The Soapbox: My Favorite Christmas Traditions

Brandi Chambless
Brandi Chambless

Can you believe Christmas is here again?  I….can….not.  Taking down my goodies from the attic, I am reminded of the rich heritage of Christmas traditions I celebrate in ways both great and small. I wanted to take the time to wish you a Merry Christmas and share my favorite traditions of all! While I know they are just simple habits and mementos, my home starts to feel a little different when I celebrate them!

 I would have to say my best tradition of all is making a huge pot of my Don’t Tell Mama Red Beans & Rice. This has been my family’s special Christmas Eve tradition since Christmas of 1999. It began in Fort Worth, Texas, as my husband Bob was entering his last year of graduate school. We were two church musicians and, yes, two starving artists.

He had just thrown the last downbeat of the Christmas music we had been rehearsing since July of that year, spent our last dime on Christmas gifts and family travel, and given our final “Merry Christmas” at church on Christmas Eve as families turned inward for the evening.

We had given all of our time, money, and music, only to return to our duplex to find a beautiful Christmas tree with no gifts and an empty cupboard—that is, with the exception of a small package of red beans. Missing our loved ones, we decided to make the best of it and cook a huge pot of Louisiana style red beans and rice. It was the best pot of beans or ANYTHING we had ever had before!! Believe, you, me…there were raw onions and a cornbread involved. I guess beans truly must be a magical fruit, because we began to sense the spirit of Christmas that feels like home no matter the distance. Jesus had really made Himself known in our very humble circumstances.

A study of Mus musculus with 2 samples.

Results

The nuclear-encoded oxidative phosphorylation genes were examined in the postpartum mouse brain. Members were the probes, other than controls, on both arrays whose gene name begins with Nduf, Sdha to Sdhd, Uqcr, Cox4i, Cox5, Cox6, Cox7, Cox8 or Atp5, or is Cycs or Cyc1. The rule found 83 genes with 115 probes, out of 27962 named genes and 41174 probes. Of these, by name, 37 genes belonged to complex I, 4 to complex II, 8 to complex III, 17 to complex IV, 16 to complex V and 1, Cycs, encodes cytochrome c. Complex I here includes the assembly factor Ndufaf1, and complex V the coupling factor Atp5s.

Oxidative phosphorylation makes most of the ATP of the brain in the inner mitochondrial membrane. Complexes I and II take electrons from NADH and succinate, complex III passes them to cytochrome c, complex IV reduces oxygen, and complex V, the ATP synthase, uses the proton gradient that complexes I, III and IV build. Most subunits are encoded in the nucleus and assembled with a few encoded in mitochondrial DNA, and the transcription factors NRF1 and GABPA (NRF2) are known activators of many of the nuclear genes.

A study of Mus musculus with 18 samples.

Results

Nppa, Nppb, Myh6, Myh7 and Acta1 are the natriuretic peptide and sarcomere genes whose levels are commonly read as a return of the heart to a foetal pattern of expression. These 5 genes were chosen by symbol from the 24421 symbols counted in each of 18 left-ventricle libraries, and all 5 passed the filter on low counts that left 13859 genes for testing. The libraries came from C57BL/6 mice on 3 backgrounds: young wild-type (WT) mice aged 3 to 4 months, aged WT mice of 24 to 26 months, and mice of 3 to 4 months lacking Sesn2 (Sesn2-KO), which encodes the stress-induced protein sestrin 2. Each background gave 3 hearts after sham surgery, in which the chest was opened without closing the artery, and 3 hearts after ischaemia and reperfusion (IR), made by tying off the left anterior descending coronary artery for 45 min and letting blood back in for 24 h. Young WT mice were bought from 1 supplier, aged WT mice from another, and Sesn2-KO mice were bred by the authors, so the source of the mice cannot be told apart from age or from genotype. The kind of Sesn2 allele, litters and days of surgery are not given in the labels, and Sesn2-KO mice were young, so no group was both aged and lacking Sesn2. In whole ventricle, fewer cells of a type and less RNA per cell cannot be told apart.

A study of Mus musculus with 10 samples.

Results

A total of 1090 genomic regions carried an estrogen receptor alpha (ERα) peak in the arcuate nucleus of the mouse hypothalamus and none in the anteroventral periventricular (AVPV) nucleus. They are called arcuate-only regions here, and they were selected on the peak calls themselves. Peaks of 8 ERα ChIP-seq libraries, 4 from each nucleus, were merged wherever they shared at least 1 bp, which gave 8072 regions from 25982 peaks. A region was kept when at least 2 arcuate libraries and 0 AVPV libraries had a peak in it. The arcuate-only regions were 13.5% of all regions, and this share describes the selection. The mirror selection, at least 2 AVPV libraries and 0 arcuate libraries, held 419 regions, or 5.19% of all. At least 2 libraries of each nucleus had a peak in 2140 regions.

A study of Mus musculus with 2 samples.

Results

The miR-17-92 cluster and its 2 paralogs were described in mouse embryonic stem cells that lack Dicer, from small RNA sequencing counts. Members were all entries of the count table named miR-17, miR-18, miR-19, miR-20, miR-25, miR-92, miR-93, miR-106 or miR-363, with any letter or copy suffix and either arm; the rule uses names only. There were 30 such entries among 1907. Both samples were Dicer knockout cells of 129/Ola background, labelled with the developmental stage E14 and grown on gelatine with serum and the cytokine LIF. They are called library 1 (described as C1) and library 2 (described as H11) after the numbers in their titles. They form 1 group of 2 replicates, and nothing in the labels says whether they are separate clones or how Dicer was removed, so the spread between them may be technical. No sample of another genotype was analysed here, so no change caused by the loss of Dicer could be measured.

What’s in a name? I just had to call this dish Don’t Tell Mama, since I garnished it with lime, cilantro, and diced radishes—flavors that will never be found on my Mama’s Cajun table. We still enjoy it not only on Christmas Eve, but year round. It is very easy to make and will be right on point as long as you use my secret ingredient: cloves.

My next favorite tradition is my grass wreath. It is really not that pretty at all, but it is over 20 years old. Every year I take the best large ribbon from all the presents, and wrap it around the wreath. But not before writing all the desires of my heart, thanksgiving, and prayer requests for the upcoming year on the inside of the ribbon. One day when I am very old, I am going to unwrap that wreath to see just how God has answered all of those prayers of a lifetime. How awesome it will be to see His promises made known!

I love a good cookie exchange like the next girl, but one of the all time best Christmas traditions is adding to my collection of ornaments. I have over 40 years of ornaments that have been hand sewn by my mother when I was a child all the way to little palm prints of my own son. Those are some of my most cherished possessions. While a fancy polished tree with coordinated colored schemes from Pinterest is very beautiful, my old ornaments are the best! They represent the auld lang syne and the people and seasons I will never forget.

There are millions of special Christmas traditions that have either just happened and then others that were created on purpose. It’s pretty easy to feel that “Christmas” wouldn’t be “Christmas” without some of these old traditions, but ever so important to remember that Jesus can make a way into the coldest of hearts no matter the magnitude of the fireworks, nor the depravity of the darkness. Won’t you let him in?

Read Brandi’s column each month in The Cross Timbers Gazette newspaper.

Brandi Chambless
Brandi Chambless
Read Brandi's column each month in The Cross Timbers Gazette newspaper.